New whitepaper help global cities achieve smart city goals


The whitepaper highlights the company’s top ten factors which global cities should consider when deploying smart city technologies to achieve their smart city goals. The paper Smart City Strategy Success Factors defines a smart city or region that can increase its competitiveness and quality of life, efficiently use resources, and support economic sustainability by using technology and creativity to raise the IQ of the built environment.

The company says a smart city puts its citizens first, makes use of innovation to address the needs of its community and breaks down the barriers between agencies and departments; between people and the government.

The use of innovative technologies allows various sectors to share information and applications in innovative ways, resulting in multiple problems being solved. This, in turn, results in the realisation of financial benefits, cities become more sustainable and relationships between cities or companies with citizens and customers are improved.

In deploying a smart city initiative, cities should consider:

Putting stakeholder benefits on top: A strategy with clear benefits attributed to individual stakeholders is a success factor that will be notable in the continuous feedback received from the stakeholders, indicating the level of satisfaction or dissatisfaction of the smart city elements. Strategies that are developed based on real needs are more likely to have a measurable outcome.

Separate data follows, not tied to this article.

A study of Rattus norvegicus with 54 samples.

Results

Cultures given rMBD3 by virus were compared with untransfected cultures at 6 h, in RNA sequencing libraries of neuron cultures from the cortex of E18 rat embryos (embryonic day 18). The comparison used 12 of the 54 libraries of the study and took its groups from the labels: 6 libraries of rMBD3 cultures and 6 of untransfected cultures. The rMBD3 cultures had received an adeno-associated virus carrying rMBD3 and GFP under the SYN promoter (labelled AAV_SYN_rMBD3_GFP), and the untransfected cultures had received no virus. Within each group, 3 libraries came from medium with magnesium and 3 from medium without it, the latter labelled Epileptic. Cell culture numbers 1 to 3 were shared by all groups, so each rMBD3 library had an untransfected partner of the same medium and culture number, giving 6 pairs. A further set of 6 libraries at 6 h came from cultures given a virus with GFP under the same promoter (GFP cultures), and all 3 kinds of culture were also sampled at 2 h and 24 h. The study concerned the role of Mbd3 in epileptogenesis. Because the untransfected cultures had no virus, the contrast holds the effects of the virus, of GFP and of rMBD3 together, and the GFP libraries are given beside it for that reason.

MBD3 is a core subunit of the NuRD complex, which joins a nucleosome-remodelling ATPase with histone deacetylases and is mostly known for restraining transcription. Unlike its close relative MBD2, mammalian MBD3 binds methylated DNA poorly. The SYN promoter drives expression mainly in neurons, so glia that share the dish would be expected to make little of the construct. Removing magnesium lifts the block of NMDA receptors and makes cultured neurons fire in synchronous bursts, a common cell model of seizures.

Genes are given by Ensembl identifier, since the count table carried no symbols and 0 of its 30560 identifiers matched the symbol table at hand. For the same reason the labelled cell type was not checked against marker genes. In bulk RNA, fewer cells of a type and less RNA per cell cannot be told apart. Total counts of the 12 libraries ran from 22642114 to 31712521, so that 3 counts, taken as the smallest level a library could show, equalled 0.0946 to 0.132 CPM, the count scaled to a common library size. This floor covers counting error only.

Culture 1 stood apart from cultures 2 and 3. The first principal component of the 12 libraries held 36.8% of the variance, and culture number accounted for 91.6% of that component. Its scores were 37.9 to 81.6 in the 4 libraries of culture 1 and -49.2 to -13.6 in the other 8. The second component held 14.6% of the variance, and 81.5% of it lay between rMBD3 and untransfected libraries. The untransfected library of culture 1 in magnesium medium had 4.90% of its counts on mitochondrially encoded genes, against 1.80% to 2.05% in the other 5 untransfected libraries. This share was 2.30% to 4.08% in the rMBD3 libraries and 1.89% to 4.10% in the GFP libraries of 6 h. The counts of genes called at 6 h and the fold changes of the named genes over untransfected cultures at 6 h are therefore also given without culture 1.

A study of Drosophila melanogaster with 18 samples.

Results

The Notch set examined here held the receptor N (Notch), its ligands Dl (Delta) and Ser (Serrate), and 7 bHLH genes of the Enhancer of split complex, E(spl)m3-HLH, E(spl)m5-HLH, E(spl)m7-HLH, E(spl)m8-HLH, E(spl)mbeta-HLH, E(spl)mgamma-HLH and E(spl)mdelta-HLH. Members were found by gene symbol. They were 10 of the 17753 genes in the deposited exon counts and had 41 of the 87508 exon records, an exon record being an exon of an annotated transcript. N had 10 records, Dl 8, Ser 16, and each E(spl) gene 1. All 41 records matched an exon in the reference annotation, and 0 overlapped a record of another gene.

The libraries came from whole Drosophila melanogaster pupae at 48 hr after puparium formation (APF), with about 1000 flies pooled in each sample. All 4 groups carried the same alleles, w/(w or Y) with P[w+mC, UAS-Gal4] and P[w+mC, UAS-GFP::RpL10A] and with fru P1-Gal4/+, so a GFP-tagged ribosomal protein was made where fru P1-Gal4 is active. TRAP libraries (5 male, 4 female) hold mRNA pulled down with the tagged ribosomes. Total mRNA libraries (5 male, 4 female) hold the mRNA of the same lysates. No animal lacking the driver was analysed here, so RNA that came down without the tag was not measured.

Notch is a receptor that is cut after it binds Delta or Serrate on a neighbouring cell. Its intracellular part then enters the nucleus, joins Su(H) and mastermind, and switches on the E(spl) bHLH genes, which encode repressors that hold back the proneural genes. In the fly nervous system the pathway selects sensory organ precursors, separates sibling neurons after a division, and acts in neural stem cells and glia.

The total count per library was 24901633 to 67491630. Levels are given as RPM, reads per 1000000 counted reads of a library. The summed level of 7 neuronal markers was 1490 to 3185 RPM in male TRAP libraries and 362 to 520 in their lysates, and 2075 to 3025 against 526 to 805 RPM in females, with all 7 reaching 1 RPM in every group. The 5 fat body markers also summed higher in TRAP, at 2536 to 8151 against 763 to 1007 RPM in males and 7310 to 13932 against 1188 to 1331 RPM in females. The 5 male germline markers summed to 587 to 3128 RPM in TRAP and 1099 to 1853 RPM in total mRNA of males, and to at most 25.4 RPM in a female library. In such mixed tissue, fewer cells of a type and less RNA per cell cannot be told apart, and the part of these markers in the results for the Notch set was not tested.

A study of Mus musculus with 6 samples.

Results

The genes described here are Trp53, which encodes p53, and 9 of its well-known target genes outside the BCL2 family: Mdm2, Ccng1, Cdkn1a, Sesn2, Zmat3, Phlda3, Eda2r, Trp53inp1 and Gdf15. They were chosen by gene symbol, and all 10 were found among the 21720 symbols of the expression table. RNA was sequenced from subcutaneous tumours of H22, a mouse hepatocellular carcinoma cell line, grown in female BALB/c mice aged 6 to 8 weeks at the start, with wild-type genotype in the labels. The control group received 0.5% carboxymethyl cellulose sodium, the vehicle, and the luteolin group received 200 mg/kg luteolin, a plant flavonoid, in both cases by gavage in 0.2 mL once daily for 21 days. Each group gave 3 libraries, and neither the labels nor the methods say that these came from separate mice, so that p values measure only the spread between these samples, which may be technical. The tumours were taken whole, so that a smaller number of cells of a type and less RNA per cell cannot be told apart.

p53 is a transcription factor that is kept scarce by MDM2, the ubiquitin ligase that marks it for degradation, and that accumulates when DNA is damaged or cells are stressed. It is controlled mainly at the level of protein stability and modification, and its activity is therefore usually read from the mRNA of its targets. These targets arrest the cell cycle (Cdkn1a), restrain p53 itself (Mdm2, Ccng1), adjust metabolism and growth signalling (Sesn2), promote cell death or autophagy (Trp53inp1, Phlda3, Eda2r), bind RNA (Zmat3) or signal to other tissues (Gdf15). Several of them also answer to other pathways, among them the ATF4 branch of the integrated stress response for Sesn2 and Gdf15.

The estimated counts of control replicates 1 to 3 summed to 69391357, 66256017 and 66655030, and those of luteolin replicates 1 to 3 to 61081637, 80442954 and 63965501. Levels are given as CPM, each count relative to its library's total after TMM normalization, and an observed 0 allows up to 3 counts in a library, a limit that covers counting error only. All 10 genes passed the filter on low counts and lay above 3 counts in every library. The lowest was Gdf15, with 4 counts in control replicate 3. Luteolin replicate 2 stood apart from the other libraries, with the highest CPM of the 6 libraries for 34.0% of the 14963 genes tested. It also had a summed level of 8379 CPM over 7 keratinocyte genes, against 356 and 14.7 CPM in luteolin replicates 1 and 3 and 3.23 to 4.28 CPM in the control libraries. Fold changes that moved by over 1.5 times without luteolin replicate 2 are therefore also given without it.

Engagement and buy-in: Engagement and buy-in from city departments, regional stakeholders and businesses are critical for success. Engaging early and often sets the city apart as a leader. It also aligns with a common pillar for smart cities, enabling what is called “citizen connect.”

Regional alignment with a community focus: A smart city strategy should reinforce linkages and collaboration within the region as a whole.

Strategy momentum and foundational initiatives: A good strategy should identify early win-initiatives that create momentum. It should include foundational initiatives with clear implementation timescales.

Clarity: Strategies must include examples and outcomes that can be easily understood by residents and businesses. Public messaging and branding of a smart city strategy are key to support the focusing of initiatives and to remind staff and the public of the key reasons for undertaking projects.